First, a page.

Zygmunt Bauman & ‘the Swedish Theory of Love’

The result of independence is utter boredom. This is how the polish sociologist Zygmunt Bauman, who passed away in January at age 91, commented on independence and loneliness in Sweden, in the documentary ‘The Swedish Theory of Love‘ (for the fragment with Bauman, click here). The documentary paints a picture of the overdeveloped individualism in Sweden: while considered a country which has achieved a summit of personal well-being, social organisation and opportunities for development, it also knows great loneliness and social fragmentation. The ‘Swedish theory of love’ is basically that all love, all social relationships, are purely individually chosen. But when radically carried to its ultimate consequences, what results does this have for society and the quality of human bonds? Zygmunt Bauman, famous for his analysis of the present condition of society as one of ‘Liquid Modernity’, comments during the documentary on this situation. He states that happiness is not achieved by being without difficulties, but by being able to overcome difficulties. Not by taking distance from those who are different or difficult to live with, but to learn live together with those who are different. In our ‘liquid modernity’, in which uncertainty has become a permanent condition and in which the skills of socializing, dialogue to construct something together, and living together with differences are not developed, independence becomes a situation in which interdependence weakens, leaving people with a loss of meaningfulness and in the end utter boredom.


Liquid Modernity and the skill of living together

Bauman developed his sociological insights during his long active years after retiring from the university of Leeds. In Liquid Modernity (2000), he described how a ‘solid’ phase of modernity, characterized by ‘heavy’-style capitalism and strong social bonds, was followed by the current ‘liquid’ phase of modernity, characterized by ‘light’-style capitalism and weakness of human bonds. While solid modernity struggled for individual freedom and was concerned about totalitarianism (Bauman takes George Orwell’s book 1984 as a typical example), people in liquid modernity are losing the capacity of social togetherness, while its concerns are those of uncertainty and anxiety. Bauman developed his work on the weakness of human bonds and living together in Liquid Love (2003). In his book Consuming Life (2007) he developed his analysis of consumer society and how consumerism structures more and more relations and weakens social skills. At the end of his life, he looked at how anxiety about refugees is used by populist politicians in Strangers at our Door (2016). In Retrotopia, published in January 2017 just weeks after Bauman’s death, he looked at how anxieties about the present and a lack of trust in the ability to build a better future together, lead whole societies nowadays to look to a return to a perfect past and close themselves from others. The capacity to deal with difficulties in living together through the skill of negotiating and finding solutions to the challenge of differences is being replaced by the logic of walls.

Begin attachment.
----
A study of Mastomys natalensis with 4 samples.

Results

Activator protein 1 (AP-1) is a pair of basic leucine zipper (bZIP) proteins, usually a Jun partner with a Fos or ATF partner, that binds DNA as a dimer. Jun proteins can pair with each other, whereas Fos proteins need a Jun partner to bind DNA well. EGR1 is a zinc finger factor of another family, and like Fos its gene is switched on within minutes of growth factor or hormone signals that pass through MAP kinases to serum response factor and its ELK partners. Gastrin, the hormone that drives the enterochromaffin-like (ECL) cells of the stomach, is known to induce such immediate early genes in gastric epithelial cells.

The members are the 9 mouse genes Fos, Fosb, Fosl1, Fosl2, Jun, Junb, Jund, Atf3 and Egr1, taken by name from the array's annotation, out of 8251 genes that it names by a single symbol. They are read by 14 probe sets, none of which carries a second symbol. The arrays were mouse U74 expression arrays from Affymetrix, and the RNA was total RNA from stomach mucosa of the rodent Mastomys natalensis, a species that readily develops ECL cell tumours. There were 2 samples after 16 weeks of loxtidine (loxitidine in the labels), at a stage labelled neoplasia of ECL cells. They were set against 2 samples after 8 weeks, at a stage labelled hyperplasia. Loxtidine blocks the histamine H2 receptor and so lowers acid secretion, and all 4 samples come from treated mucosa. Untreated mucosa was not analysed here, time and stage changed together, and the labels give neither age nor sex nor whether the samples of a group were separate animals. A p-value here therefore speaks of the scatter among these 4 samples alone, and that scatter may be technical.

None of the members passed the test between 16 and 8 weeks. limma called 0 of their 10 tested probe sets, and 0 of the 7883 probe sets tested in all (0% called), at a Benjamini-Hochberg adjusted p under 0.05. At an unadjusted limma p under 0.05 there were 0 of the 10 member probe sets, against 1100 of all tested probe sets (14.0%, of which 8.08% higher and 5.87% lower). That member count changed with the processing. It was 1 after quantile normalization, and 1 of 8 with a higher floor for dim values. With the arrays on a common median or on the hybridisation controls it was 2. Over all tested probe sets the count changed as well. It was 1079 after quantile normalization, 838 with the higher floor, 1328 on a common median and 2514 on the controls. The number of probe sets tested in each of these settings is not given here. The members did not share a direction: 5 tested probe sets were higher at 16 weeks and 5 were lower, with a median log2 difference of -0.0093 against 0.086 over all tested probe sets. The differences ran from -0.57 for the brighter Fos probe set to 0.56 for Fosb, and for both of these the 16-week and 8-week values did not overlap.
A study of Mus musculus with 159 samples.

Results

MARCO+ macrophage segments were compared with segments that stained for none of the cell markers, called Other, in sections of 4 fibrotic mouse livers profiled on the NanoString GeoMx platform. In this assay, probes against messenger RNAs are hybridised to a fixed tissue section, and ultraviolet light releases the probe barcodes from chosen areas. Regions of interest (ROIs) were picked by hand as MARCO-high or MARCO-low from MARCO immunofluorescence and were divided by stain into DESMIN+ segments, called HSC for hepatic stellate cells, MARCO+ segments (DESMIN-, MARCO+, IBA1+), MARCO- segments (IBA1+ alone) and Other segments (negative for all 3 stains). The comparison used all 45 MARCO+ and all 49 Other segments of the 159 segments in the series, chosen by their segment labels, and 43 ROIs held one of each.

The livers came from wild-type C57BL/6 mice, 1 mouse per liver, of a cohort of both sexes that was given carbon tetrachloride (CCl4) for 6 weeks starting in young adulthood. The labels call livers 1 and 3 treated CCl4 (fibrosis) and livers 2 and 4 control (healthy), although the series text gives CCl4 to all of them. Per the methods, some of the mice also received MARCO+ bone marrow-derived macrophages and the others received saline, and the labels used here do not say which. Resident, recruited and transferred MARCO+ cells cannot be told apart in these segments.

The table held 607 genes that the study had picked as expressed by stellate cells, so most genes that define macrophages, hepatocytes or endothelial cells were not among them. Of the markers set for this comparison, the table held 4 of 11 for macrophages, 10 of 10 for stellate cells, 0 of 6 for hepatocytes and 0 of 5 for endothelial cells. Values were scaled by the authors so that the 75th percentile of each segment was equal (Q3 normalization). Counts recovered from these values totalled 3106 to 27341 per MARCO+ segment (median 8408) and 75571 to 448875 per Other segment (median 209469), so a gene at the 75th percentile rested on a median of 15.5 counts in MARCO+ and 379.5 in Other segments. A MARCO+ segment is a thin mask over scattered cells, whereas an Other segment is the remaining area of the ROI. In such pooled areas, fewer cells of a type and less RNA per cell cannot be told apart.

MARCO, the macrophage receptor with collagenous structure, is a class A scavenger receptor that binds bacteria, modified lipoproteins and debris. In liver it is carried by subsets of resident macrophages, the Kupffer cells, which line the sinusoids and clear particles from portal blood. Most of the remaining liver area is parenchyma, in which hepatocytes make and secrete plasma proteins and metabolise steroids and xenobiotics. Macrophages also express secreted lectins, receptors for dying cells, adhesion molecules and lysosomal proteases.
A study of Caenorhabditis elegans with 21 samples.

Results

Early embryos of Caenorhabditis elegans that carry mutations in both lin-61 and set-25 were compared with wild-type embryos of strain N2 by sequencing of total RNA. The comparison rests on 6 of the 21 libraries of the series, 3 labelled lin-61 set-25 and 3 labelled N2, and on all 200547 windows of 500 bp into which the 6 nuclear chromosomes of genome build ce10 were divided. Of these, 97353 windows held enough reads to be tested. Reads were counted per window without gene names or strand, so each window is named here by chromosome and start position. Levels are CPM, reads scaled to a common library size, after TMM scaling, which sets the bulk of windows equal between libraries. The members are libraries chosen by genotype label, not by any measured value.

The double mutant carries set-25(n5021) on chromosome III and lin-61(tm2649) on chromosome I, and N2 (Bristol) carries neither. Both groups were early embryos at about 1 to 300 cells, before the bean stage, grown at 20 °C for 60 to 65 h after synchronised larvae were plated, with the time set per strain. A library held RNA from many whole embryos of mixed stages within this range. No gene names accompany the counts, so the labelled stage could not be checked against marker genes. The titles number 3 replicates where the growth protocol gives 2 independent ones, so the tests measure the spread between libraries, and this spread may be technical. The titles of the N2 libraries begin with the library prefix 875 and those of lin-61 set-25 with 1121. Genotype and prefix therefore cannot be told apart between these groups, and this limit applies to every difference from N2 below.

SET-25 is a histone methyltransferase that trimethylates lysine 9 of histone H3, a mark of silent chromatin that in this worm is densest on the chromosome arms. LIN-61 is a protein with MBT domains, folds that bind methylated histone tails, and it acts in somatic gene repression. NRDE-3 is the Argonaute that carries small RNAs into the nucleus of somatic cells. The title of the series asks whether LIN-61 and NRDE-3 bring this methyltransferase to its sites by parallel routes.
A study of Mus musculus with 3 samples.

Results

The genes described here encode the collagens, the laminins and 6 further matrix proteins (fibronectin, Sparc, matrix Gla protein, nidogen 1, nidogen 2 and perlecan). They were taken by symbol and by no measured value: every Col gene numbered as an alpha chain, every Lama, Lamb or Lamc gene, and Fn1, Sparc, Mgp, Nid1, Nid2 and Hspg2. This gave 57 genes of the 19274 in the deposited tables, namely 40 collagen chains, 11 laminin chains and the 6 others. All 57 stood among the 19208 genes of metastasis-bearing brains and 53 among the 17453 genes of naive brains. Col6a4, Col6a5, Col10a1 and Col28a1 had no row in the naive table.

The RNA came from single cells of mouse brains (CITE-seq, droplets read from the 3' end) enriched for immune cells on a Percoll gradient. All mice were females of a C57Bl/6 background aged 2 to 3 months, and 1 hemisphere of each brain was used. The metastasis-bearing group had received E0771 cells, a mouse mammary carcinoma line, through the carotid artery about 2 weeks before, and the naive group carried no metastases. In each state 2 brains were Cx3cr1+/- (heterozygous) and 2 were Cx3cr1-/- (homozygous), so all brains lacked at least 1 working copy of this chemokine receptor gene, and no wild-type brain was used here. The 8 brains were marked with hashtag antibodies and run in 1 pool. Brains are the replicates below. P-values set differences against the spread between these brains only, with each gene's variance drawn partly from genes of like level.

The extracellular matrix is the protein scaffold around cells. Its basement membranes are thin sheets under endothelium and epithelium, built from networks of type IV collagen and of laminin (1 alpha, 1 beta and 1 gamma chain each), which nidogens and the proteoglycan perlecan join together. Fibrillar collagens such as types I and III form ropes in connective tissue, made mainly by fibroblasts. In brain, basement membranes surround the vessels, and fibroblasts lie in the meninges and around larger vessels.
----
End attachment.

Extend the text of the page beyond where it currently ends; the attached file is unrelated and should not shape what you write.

Dialogue between religions to find ‘Paths of Peace’

There is a great need in today’s world of building these skills of negotiation in such a way that it can offer a realistic alternative to the logic of walls in answering to conflict situations or crisis. These days in Münster and Osnabrück hundreds of representatives from the worlds religions came together in a meeting called ‘Paths of Peace‘, organized by the Community of Sant’Egidio, in order to discuss concrete challenges of today’s world and find ways to work together, to cooperate to answer these questions, especially situations of war and violence. Secular thinkers, as well as politicians, also participate in these encounters, which are concluded with moments of prayer for peace. Special guests this year in Germany are, for example, Chancellor of Germany Angela Merkel, and Al-Tayeb, the grand imam of Cairo’s Al-Azhar university.

Zygmunt Bauman himself participated in two of these annual meetings, which are organized in another European city each year: 2014’s meeting ‘Peace is the Future’ in Antwerp, and 2016’s meeting ‘Thirst for Peace’ in Assisi (in which Pope Francis also participated, and whom Bauman personally got to meet there).


In his contributions in Antwerp and Assisi, he spoke especially of the capacity of dialogue, and the theme of migrants and refugees. In this way, Zygmunt Bauman was a shining example of a secular thinker who put his thought into practice, in dialogue with religious figures to find solutions to some of today’s society’s most pressing problems. With the annual interreligious peace encounters organized by the Community of Sant’Egidio, this commitment to building skills of negotiation, conflict resolution and making peace will go on. Bauman’s participation in this process remains an inspiring sign that secular people together with believers from the various religions have a lot to offer in building this future for a society of interdependence, rather than one of isolation and of utter boredom.